Sawant pulls ahead of Conlin by 41 votes

As the vote count continues in the Seattle City Council race, the Socialist candidate takes the lead. A recount could be ahead.

As the vote count continues in the Seattle City Council race, the Socialist candidate takes the lead. A recount could be ahead.

In what has become a nail-biter Seattle City Council race, Socialist candidate Kshama Sawant pulled ahead of four-term councilmember Richard Conlin by a margin of 41 votes in results released by King County Elections on Tuesday afternoon.

With nearly 160,000 ballots counted overall in the race, Sawant's 49.91 percent of the vote gives here a miniscule edge over Conlin's 49.88 percent. Tuesday's results were the first time during the ongoing vote count that Sawant has taken the lead in the race. Throughout last week and on Tuesday, late-arriving ballots have consistently gone Sawant's way, steadily erasing Conlin’s 7.5 percentage point election night advantage.

“The systematic trend we’ve seen since Election Day in favor of our campaign confirms our ideas that Seattle has become a really unaffordable city,” Sawant told reporters and a crowd of about 20 supporters, who'd gathered at her campaign office to await the results.

Conlin did not return calls for comment on Tuesday and his campaign manager referred to a statement posted earlier on his Facebook page.

“This is a very close election,” the statement said. “We’ve asked our supporters to verify the status of their ballots with King County Elections, and we are currently waiting on further results from the County as they process and count the ballots they have on hand.”

Conlin has served on the council since 1997 and said last week that if he wins another term, he will retire when it ends in 2015.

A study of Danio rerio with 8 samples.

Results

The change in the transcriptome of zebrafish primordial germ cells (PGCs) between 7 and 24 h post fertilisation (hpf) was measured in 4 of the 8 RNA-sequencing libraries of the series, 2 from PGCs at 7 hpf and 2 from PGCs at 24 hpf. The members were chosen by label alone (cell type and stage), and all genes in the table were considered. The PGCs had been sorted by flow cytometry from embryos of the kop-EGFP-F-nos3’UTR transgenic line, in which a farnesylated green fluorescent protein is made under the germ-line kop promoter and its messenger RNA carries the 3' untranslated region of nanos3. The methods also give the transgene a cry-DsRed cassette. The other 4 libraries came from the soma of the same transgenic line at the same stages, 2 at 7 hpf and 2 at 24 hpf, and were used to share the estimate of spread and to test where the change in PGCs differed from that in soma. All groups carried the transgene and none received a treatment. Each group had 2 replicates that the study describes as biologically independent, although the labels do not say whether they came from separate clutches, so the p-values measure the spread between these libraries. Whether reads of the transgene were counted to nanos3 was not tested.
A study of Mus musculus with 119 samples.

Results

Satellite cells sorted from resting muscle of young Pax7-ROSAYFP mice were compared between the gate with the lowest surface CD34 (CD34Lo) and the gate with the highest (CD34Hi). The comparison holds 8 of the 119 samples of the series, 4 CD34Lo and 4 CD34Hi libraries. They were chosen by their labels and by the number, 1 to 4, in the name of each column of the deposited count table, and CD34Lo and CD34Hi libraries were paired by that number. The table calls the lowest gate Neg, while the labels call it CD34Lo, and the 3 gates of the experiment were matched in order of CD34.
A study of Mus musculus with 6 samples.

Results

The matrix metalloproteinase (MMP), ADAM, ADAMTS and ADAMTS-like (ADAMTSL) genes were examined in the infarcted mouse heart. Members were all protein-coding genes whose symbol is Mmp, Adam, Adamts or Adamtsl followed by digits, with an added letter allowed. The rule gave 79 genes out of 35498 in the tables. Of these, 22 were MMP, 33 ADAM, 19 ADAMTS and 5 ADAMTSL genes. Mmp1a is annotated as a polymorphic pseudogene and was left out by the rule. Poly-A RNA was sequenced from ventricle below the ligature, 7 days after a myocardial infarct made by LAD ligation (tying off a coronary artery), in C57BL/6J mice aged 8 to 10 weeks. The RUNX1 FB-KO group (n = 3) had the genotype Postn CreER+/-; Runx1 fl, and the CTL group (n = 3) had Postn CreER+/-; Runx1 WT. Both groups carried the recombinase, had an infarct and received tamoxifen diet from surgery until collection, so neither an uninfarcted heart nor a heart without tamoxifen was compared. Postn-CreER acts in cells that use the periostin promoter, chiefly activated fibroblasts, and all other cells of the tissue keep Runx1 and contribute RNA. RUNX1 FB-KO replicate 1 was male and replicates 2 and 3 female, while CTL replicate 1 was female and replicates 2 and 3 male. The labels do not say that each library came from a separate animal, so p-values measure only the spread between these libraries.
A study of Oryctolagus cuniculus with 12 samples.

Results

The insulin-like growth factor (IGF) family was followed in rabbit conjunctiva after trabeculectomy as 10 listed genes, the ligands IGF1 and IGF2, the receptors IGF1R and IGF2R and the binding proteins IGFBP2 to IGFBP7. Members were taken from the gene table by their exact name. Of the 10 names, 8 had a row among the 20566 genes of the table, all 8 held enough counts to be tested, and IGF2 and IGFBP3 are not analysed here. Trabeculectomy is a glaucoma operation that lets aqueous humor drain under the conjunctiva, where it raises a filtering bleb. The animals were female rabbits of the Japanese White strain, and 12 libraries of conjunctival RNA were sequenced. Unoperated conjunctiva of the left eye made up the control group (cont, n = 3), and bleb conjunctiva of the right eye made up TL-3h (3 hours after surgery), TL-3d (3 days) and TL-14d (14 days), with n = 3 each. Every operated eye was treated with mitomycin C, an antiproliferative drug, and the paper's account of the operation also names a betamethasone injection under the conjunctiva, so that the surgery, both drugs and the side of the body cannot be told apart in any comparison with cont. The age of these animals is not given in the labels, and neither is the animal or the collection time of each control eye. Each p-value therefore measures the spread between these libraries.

Sawant, an economics instructor at Seattle University, is running for her first public office. If elected, she has said her top three priorities would be raising the minimum wage to $15 by 2014, establishing rent price controls and implementing a “millionaires tax.”

Asked Tuesday if there were any council committees she would like to serve on, she said: “We haven’t thought about which committee we’re going to belong to.”

“Every committee is dominated by corporate interests,” she added, “and the committee’s agenda is geared towards making sure that all the corporate subsidies are in place and expanded.”

While the vote numbers in the race could change up until Nov. 26 — the date when King County Elections will need to certify this year’s results — almost every new ballot count released since Election Day has favored Sawant.

By Tuesday afternoon, a crew of about 290 King County Elections employees had counted-in 486,513 of the roughly 558,000 ballots submitted by countywide voters.

King County Elections has already sent notices to voters who either forgot to sign their ballot or signed with a signature that has come under question. These voters have until Nov. 25 to sign and return a form to King County that will re-qualify their ballot and allow it to be counted.

Sawant’s campaign has been sending volunteers door-to-door since last Saturday to find supporters whose ballots were disqualified because of signature problems. Conlin’s camp, meanwhile, sent out an email directing backers to a King County Elections webpage, where they could check that their ballot had been verified and counted. The email also included a request for phone-bank volunteers who could call supporters with problematic ballots.

If the margin of votes separating the two candidates doesn't widen substantially, the race will be headed toward a recount. State law requires machine recounts in elections decided by less than 2,000 votes and less than one-half of 1 percent of the total votes cast. Hand recounts are required in contests where the difference in votes is less than 150 and under one-quarter of 1 percent. For a fee, campaigns can also request recounts. The cost is 15 cents per ballot if the recount is done using machines and 25 cents per ballot if it is done manually.

Philip Locker, Sawant’s political director, has said Seattle’s archivist reviewed records that dated back to 1910 and could not find any Socialist candidate elected to the City Council. Sawant said Tuesday, “What we have shown here is our socialist ideas, far from being fringe ideas, are exactly what people are looking for.”